HMRC Is Shite

HMRC Is Shite
Dedicated to the taxpayers of Britain, and the employees of Her Majesty's Revenue and Customs (HMRC), who have to endure the monumental shambles that is HMRC.

Friday, 18 April 2008

All Are Created Equal....

All Are Created Equal
In his book "Animal Farm", Orwell wrote about how the pigs, once they had come to power, changed the rules of the game and introduced a new policy wrt equality:

"All animals are created equal, but some animals are more equal than others".

Clearly those in charge of HMRC are fans of Orwell, and have used the example set by the pigs in formulating their rules wrt expense receipts for taxpayers and HMRC staff (who are also taxpayers).

HMRC staff (all 83,000 of them) do not have to submit receipts to cover claims ranging from meals to hotel accommodation and travel, and are entitled to expenses without actually paying out any money.

They can claim £100 for an overnight stay in London, and £20 for an evening meal while working out of their office without handing in receipts.

When out of their offices for more than five hours, they are entitled to a £6.50 meal allowance and a two-meal allowance of £14 when away for more than 10 hours.

Night work or sleeping in offices on call or standby after a day's work is worth £7.60 a night, while sleeping in the office after working late provides £10.90 a night.

Drivers can claim 5p a mile for each passenger they carry, while passengers themselves are entitled to a similar 5p allowance even if they do not pay anything for the privilege.

Staff can also choose to stay with friends or relatives, rather than at a hotel when working away and can claim £25.

There is nothing wrong in principle with any of the above, it is perfectly correct that staff should be reimbursed for out of pocket costs. It is also perfectly reasonable, given the difficulty of obtaining receipts for some cost items, not to expect a full/auditable record of every penny spent to be maintained.

Fair enough!

Except that there is one small fly in HMRC's ointment.

Can you guess guess what that is?

Yes, that's right, the rules that apply to HMRC do not apply to the rest of us.

We are expected to provide receipts for all expenses claimed against taxable income.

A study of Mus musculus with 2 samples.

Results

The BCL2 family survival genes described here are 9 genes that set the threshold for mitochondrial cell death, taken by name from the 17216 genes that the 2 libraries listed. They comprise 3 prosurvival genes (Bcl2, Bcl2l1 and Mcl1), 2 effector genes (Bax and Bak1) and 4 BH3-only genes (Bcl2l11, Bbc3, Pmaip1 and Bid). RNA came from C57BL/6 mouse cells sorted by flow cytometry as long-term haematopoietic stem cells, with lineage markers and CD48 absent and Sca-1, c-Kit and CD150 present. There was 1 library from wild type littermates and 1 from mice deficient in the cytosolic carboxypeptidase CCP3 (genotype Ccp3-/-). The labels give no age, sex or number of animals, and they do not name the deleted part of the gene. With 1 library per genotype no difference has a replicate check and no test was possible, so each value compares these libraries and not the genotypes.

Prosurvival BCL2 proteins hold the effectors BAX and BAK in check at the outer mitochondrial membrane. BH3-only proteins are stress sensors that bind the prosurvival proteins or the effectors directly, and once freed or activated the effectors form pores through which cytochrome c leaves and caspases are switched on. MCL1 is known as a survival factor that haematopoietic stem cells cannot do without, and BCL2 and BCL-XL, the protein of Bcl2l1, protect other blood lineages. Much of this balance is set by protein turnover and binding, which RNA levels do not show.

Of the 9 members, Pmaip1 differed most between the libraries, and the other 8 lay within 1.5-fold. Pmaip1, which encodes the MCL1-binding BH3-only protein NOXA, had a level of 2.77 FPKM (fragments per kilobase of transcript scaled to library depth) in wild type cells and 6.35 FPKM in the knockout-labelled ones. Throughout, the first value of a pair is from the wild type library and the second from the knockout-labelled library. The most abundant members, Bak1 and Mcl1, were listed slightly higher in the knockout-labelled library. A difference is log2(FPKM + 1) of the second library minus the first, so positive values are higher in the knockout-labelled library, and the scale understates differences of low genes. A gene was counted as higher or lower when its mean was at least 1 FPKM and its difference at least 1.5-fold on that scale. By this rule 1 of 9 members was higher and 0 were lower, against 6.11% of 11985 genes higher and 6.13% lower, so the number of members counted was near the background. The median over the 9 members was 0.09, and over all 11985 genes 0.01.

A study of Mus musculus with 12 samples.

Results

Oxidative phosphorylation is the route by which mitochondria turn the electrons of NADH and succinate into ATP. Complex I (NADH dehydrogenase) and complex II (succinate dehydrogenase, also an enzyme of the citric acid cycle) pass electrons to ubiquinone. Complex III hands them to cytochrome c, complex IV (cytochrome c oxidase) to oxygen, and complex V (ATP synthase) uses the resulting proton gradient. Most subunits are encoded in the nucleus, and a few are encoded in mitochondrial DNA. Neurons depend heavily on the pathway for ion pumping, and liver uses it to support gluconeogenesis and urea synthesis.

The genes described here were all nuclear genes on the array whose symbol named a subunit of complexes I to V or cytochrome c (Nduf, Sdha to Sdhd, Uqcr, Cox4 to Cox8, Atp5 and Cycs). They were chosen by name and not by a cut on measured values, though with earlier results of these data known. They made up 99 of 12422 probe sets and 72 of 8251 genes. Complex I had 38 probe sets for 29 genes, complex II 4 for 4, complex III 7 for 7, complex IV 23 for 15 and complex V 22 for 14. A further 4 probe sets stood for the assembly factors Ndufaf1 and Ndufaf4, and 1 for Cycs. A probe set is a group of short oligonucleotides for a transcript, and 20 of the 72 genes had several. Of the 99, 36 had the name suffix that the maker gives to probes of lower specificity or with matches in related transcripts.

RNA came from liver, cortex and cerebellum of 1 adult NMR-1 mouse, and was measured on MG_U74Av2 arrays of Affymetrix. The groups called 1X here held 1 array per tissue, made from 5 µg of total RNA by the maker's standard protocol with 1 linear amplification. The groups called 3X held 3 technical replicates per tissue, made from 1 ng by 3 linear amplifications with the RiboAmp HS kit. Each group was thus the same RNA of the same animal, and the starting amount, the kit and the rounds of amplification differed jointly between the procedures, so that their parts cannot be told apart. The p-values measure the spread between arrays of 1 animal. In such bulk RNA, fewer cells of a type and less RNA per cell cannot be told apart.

Doesn't that strike you as being a little bit unfair?

The other rather interesting aspect of this matter is that HMRC have been trying to hide its expense policy from the taxpayers. It required UHY Hacker Young to use the Freedom of Information Act to discover details of the expenses regime.

Clive Gawthorpe, a UHY Hacker Young partner, is quoted in The Telegraph:

"Accountants who frequently face challenges over expenses for as little as £10 will find it ironic that HMRC runs such a liberal 'no questions asked' system for its own employees."

HMRC, according to Mr Gawthorpe, is also desperate to try to keep this policy secret from the rest of us and was urging its employees not to publicise rates and allowances.

Is this unfair?

In the eyes of HMRC it is perfectly fair, they believe that:

"All taxpayers are created equal, but some taxpayers are more equal than others."

Tax does have to be taxing.


  1. Believe it or not, the expenses system used to be even more generous. A few days' training in a distant office would mean a little bit of extra money at the end of the month, assuming you claimed the "standard" amount but only spent a little. It's within the last couple of years that they've introduced the receipt rule - if you spend over a certain amount you have to produce the receipt. It's been widely interpreted by employees (in my office anyway) as yet another way to chip away at any of the positive reasons for working there.